When I started reading Gaurdian of the Dead by Karen Healey the only thing I knew about Maori culture was what I saw in the movie The Whale Rider. When I found out that this book involved the myths of the Maori I wanted to read it and learn more.
In some cases this was true, there is a bit about the creation of the world and New Zealand in there, and them some about the Patupaiarehe. For an authors first book this one is not bad, some plot lines do get lost, and parts of the book kind of lag, but it is a first book.
One thing that struck me on reading this was that some of the myth stories are similar to other parts of the world. I have always wanted to know if the stories all came from the same place. Who started them?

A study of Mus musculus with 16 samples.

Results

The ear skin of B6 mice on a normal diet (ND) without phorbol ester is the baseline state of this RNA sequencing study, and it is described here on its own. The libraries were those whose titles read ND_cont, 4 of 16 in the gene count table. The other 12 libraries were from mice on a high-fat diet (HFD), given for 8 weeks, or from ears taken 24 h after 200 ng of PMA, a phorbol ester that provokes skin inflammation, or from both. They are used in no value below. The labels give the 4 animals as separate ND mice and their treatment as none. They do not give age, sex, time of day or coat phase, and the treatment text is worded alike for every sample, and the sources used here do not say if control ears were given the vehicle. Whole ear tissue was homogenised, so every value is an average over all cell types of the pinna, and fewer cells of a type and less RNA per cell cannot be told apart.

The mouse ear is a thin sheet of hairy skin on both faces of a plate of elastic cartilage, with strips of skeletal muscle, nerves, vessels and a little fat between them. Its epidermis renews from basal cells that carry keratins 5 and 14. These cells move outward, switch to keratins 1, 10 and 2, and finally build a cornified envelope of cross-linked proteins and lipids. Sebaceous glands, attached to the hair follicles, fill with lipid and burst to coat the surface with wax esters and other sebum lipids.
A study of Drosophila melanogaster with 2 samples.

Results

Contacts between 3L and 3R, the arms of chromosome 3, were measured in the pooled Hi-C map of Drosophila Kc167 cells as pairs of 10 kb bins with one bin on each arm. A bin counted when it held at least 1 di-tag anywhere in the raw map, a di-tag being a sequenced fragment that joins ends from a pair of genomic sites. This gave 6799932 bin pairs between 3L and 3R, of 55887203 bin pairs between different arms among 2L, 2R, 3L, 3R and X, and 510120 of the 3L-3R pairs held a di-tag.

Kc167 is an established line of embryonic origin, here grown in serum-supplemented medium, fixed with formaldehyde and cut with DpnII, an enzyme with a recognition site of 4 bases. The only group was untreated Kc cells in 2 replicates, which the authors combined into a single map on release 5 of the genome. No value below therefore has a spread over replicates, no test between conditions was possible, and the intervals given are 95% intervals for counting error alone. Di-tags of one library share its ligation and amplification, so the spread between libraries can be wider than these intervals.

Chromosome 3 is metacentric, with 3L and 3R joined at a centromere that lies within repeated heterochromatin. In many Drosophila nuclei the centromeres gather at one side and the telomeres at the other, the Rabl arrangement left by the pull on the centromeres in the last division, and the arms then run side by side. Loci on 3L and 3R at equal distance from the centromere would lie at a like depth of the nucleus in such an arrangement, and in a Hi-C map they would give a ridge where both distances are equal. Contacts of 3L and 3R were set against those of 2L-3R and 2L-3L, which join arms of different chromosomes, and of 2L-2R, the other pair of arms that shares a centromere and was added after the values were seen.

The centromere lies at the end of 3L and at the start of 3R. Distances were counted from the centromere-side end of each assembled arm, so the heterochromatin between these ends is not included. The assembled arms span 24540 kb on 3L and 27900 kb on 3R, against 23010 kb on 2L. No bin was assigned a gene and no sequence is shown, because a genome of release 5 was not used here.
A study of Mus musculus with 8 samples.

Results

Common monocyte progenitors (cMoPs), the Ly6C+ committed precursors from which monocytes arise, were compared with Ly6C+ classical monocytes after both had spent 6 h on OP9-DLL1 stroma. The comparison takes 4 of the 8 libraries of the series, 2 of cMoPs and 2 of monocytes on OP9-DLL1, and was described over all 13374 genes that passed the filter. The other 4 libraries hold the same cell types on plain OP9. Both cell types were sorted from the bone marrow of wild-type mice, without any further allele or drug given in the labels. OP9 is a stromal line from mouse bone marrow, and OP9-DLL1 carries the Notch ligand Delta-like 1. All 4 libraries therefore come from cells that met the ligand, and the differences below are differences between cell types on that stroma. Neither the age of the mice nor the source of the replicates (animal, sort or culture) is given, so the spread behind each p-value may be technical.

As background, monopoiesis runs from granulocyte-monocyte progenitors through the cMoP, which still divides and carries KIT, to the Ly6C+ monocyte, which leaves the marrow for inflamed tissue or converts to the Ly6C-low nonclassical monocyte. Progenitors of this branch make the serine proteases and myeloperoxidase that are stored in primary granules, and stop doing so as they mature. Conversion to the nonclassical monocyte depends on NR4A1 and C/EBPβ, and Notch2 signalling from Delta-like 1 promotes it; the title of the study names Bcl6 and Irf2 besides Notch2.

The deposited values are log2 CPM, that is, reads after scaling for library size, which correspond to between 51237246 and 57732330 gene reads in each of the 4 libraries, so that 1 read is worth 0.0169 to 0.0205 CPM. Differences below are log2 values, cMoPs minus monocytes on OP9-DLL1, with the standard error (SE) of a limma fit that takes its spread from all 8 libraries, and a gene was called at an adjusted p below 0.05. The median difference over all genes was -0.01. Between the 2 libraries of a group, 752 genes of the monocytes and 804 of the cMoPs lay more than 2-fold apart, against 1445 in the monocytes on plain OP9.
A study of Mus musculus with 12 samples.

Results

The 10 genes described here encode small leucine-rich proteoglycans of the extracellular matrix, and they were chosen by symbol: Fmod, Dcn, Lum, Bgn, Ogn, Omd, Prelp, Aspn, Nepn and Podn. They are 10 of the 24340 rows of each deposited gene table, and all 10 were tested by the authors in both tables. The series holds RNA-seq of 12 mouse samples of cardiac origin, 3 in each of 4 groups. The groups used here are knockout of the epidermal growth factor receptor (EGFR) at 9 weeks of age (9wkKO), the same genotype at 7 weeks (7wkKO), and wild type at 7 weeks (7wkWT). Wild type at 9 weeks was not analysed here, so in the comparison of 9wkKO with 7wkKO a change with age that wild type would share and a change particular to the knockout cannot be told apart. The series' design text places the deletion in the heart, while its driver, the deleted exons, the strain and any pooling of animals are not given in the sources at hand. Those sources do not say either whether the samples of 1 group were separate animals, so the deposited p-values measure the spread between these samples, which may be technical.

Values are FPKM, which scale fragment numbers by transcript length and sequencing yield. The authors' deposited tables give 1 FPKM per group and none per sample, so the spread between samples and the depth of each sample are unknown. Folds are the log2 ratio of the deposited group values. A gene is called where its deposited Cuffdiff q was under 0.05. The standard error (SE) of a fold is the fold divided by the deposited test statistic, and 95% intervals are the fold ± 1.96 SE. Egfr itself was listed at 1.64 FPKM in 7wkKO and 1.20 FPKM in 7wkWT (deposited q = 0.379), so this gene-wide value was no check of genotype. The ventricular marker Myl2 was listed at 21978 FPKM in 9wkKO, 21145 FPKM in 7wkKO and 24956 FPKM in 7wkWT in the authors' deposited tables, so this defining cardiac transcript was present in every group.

There is also enough of a difference to keep them interesting and going. While she was not in the book much my favorite character was Hine-nui-te-po, I felt so sorry for her and what she went through with her Father\husband. She chose to be the guardian of the dead and to sleep to protect them.
For many parts of the book it could have been set in any developed English speaking country. What kept the story in New Zealand for me was the bit of slang, and the use of Maori words as common language. The last quote also struck me for the location of the book. I know that summer is Christmas in the Southern Hemisphere, but this quote just struck me as how natural it is from them, and how odd it is for those of us in the Northern Hemisphere.
“She’d plucked out her own eyes to give her son the best chance she could.”
“‘Summer will be here in six months, and I’ll be home for Christmas. Lots of long, bright days. Barbecues. Walks on the beach.”